June 13, 2010
One of the things that classic Who never had - but that new Who has in spades - were consistent and decent production values. Not every story has "wobbly sets", but there are two recently-released stories on DVD that didn't grab me beforehand...but watching them now, half the enjoyment is how well the production is put together. Both are similar stories in that they deal with palace intrigue...but vary in their setting, their themes, and quite frankly, their approaches.
On first glance, The Curse of Peladon may seem like a Pertwee-era take on the classic Star Trek episode Journey to Babel (which the production note subtitles continually remind us), but quite frankly...I don't see it. In fact, most of the plot is around the benefits of whether Peladon should enter the "Galactic Federation", but what helps the story is the atmosphere - a dark, moody piece that amplifies some of the more political-based plot machinations. (If Jon Pertwee as the third Doctor was essentially James Bond, consider this to be the character in his element). Add a nice, sweet neo-romance between Katy Manning as Jo Grant and David Troughton as King Peladon, and this is a pretty solid example of 70's Who.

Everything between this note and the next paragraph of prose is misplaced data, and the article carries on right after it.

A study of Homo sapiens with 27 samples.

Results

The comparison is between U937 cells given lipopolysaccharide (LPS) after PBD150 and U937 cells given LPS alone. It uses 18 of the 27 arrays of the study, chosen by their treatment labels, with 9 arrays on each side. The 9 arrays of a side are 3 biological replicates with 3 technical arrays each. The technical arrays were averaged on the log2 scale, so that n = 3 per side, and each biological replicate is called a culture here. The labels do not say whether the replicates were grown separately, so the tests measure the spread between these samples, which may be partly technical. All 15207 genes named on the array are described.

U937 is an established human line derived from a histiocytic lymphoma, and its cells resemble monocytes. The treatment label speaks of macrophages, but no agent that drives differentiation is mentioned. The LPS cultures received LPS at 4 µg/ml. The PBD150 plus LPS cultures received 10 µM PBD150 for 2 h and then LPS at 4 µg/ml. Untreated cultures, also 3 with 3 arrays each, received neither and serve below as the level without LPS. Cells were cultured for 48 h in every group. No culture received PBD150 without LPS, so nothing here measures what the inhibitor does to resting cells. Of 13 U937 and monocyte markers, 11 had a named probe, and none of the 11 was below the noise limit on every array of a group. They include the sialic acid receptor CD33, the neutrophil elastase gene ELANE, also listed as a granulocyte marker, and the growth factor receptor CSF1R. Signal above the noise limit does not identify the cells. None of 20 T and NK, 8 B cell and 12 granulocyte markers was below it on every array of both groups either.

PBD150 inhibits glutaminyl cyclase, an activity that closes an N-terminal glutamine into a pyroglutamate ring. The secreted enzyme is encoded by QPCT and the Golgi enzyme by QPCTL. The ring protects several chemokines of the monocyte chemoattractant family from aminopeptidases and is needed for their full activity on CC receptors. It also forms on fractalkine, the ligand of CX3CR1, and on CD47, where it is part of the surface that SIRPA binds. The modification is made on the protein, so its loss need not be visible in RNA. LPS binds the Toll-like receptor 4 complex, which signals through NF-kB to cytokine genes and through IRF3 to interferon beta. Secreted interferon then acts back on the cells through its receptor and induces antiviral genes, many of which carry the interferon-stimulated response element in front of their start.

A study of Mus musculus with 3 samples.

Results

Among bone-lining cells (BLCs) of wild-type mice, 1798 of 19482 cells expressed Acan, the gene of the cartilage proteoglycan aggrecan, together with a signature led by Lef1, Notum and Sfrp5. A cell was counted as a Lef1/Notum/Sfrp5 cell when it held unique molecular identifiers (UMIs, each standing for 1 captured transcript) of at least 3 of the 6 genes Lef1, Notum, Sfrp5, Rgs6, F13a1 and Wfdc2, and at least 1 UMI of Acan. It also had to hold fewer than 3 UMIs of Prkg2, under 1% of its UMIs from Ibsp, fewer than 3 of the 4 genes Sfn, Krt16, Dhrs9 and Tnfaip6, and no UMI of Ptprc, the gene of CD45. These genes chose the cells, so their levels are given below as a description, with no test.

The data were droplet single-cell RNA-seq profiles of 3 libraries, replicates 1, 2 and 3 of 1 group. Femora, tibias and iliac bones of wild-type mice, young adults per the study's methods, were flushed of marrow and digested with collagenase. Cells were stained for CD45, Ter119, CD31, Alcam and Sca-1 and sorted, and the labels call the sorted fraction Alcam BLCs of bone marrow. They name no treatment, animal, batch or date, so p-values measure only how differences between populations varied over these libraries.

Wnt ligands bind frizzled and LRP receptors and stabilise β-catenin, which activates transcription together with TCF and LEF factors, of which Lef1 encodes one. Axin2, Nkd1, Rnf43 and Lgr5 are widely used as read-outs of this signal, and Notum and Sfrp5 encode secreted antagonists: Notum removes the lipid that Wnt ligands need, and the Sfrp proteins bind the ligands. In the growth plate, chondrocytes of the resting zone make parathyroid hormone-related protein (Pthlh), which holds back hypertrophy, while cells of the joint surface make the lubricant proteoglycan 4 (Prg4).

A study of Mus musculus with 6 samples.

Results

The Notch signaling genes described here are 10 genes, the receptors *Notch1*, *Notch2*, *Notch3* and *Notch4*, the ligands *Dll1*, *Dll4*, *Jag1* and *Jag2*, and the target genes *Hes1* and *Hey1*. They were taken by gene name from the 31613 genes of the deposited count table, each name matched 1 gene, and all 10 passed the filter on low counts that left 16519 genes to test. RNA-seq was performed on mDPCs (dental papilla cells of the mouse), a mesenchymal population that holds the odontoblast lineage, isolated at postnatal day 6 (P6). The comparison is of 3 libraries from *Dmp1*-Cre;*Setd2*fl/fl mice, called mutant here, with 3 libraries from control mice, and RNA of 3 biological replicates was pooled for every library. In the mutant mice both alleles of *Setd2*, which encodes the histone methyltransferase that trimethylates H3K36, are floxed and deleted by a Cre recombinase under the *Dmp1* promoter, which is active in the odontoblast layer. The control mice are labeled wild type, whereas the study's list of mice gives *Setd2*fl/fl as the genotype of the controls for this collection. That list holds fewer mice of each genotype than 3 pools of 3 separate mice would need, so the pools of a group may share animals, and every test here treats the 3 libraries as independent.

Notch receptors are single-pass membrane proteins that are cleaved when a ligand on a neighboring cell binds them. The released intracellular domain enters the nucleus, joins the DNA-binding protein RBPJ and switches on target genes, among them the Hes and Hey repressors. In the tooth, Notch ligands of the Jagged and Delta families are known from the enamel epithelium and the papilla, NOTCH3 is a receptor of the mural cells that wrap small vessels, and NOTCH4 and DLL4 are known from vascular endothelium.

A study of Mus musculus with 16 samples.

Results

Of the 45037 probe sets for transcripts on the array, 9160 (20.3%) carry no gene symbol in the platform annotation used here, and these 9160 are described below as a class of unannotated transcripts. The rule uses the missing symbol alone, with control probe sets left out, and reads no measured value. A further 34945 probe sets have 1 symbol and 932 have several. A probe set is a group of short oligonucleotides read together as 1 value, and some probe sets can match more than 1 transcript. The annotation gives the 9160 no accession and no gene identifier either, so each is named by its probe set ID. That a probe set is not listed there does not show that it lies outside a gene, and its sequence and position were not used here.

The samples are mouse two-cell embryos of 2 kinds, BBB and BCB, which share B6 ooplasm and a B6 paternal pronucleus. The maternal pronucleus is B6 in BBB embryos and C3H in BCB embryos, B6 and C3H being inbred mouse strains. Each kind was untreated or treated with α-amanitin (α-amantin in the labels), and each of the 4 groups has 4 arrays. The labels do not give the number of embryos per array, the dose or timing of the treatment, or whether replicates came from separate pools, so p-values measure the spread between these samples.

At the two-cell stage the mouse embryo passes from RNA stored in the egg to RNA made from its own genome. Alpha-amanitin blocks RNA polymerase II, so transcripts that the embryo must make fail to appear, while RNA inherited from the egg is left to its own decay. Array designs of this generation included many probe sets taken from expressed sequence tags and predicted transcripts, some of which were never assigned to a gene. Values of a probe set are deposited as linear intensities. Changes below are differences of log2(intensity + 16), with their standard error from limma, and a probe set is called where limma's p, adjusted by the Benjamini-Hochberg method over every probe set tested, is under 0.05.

(You can pretty much skip the sequel The Monster of Peladon - it's a slightly padded story, similar plot, and really covers all the same bases as Curse.)
But where Who really kicks in the production values - and really makes a story take off - is in the Tom Baker-era story The Masque of Mandragora. Filmed in the same Wales location as The Prisoner, this is a story that really oozes quality, from the wooden "secondary control room" to the costuming to sets, this Renaissance-era story has a very simple plot (basically, let's-get-all-the-smart-guys-together-and-get-rid-of-them-in-one-fell-swoop), what's not so simple is that this story looks fresh, and vibrant, and more importantly, is a great example of Who at its best.
At the very least, these two stories made me want to revisit Machiavelli's The Prince, a book I haven't read in high school. But more importantly, these were stories that I once viewed with glazed disinterest...but now, can easily see them for what they are - making the visuals just as critical as the story.